Source: U.S. Rep. Jared Huffman
Today Congressmen Jared Huffman (D-CA), Chris Van Hollen (D-MD), David McKinley (R-WV), Tim Walz (D-MN), Chris Gibson (R-NY), and Dave Reichert (R-WA) reintroduced the bipartisan IDEA Full Funding Act.
In 1975, Congress took the critical step of passing the Individuals with Disabilities Education Act (IDEA), providing a promise that every child with disabilities would have the opportunity to reach his or her full potential. At that time, the federal government committed to pay 40 percent of the average per pupil expenditure for special education. However, that pledge has never been met, and current funding is at just 16.1 percent. The IDEA Full Funding Act would require regular increases in IDEA spending to finally meet our commitment to America’s children and schools.
“We are proud to introduce the IDEA Full Funding Act to ensure that the federal government pays its fair share of the costs of educating students with disabilities. Forty years ago, the government committed to supporting our students and the teachers who work to help every American child reach their full potential,” they said. “This legislation will guarantee funding increases for IDEA to ensure that our schools fulfill the promise of a first-class education for every child.”
“Forty years ago, Congress made a promise to the Nation, to students with disabilities and their families, and to educators to invest in special education. But that promise has gone unfulfilled. Today, I applaud the bipartisan leadership of Representatives Van Hollen, Huffman, Walz, Gibson, McKinley, and Reichert to fulfill this promise and provide children with disabilities and schools with the resources they need and deserve. Our parent community stands ready to support the IDEA Full Funding Act,” stated James H. Wendorf, Executive Director, National Center for Learning Disabilities.
“It has been nearly 40 years since Congress pledged to help states and local schools fund the cost of educating our country’s students with disabilities. Sadly, Congress has never come close to fulfilling that worthy goal. We are proud to support the bipartisan leadership shown today with the introduction of the IDEA Full Funding Act, which would provide our students with the resources they need to succeed. We thank Representatives Chris Van Hollen (D-MD), David McKinley (R-WV), Tim Walz (D-MN), Chris Gibson (R-NY), Jared Huffman (D-CA) and Dave Reichert (R-WA) for their leadership in support of students with disabilities,” said Mary Kusler, Director of Government Relations, National Education Association.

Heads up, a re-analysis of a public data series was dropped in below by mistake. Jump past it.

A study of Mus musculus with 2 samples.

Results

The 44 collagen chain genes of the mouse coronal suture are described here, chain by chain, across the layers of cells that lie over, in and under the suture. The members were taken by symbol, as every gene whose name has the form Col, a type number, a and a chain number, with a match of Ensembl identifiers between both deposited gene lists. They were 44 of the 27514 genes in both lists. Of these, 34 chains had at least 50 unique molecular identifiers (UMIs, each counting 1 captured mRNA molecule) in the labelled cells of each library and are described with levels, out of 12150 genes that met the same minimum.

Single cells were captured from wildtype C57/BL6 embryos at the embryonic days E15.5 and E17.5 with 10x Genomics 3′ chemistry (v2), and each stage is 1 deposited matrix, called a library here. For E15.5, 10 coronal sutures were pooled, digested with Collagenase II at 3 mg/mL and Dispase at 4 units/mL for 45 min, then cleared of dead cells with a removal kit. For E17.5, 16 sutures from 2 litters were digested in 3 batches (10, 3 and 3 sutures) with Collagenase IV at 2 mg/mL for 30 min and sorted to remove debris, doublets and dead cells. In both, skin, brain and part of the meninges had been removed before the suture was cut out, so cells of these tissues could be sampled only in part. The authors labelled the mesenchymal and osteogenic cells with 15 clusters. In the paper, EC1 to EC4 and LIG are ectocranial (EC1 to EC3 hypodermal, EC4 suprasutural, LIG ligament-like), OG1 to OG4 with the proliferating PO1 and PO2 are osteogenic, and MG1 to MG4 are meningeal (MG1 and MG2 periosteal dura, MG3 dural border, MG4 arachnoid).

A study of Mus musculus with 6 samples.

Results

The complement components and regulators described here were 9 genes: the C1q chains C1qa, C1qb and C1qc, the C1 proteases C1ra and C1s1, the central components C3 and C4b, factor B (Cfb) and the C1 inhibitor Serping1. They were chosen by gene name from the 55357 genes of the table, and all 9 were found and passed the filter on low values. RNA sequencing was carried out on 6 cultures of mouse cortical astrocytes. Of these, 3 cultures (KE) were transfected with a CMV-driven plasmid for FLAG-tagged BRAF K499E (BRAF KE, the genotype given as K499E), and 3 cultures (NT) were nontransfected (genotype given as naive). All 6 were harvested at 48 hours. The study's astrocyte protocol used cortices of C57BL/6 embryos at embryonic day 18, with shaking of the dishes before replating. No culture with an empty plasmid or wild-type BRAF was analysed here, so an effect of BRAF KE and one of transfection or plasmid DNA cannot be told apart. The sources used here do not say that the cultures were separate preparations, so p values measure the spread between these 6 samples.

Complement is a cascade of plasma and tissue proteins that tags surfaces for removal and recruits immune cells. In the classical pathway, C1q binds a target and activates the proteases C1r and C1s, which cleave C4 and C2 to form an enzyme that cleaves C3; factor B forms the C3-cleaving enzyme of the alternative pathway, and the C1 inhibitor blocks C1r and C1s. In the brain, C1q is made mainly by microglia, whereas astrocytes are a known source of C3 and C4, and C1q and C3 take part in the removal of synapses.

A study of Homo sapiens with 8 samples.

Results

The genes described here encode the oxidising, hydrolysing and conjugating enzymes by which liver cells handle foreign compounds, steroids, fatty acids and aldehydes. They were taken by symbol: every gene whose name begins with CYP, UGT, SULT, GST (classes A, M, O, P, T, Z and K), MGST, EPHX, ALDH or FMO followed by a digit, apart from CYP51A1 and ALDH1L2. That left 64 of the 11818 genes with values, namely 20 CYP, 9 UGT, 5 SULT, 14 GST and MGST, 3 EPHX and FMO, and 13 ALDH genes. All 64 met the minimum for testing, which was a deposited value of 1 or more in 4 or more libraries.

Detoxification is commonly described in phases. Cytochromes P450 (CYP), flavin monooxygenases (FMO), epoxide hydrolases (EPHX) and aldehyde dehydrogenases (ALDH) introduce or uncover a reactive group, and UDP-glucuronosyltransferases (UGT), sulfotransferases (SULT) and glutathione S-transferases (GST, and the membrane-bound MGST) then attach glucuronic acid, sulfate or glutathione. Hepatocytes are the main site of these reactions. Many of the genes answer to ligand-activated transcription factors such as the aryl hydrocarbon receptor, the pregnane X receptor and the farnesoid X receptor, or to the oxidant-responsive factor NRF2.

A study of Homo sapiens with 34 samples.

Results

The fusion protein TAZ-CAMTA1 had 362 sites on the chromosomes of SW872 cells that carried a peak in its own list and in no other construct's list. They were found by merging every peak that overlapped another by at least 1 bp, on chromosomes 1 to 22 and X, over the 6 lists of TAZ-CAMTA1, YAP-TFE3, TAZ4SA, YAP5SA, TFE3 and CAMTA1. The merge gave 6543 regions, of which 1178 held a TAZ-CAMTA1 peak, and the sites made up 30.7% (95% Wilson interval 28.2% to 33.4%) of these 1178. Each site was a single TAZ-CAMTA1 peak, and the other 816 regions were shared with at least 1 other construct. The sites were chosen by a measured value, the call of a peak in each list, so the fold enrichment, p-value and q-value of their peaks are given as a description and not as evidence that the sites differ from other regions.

“This important federal legislation now before us is vital toward ensuring that our nation honors its obligation to students with disabilities,” said Thomas J. Gentzel, Executive Director, National School Boards Association. “NSBA fully supports the IDEA Full Funding Act, and applauds its focus on creating a long-term, 10-year plan that will adequately fund the federal share of costs for special education. Improving educational outcomes and raising student achievement for students with disabilities is crucial.”
MSBA will be sending a delegation of Board Directors to advocate for public schools in Washington, D.C., during NSBA’s Advocacy Institute February 1-3.
American Association of School Administrators Executive Director, Daniel Domenech said, “Full funding of IDEA remains AASA’s top legislative priority. In fully realizing its habitually underfunded commitment to students with disabilities, Congress actually serves all students. One act of funding provides a critical and necessary level of support for students with disabilities while relieving local school districts from the fiscal burden of covering the chronic shortfall, freeing up and returning local dollars to the general budget, to serve all students. AASA remains strongly committed to this policy and applauds Congress members Van Hollen, Huffman, McKinley, Gibson, Walz, and Reichert for their continued leadership on this important issue.”
Last Congress, Huffman was an original cosponsor of the IDEA Full Funding Act.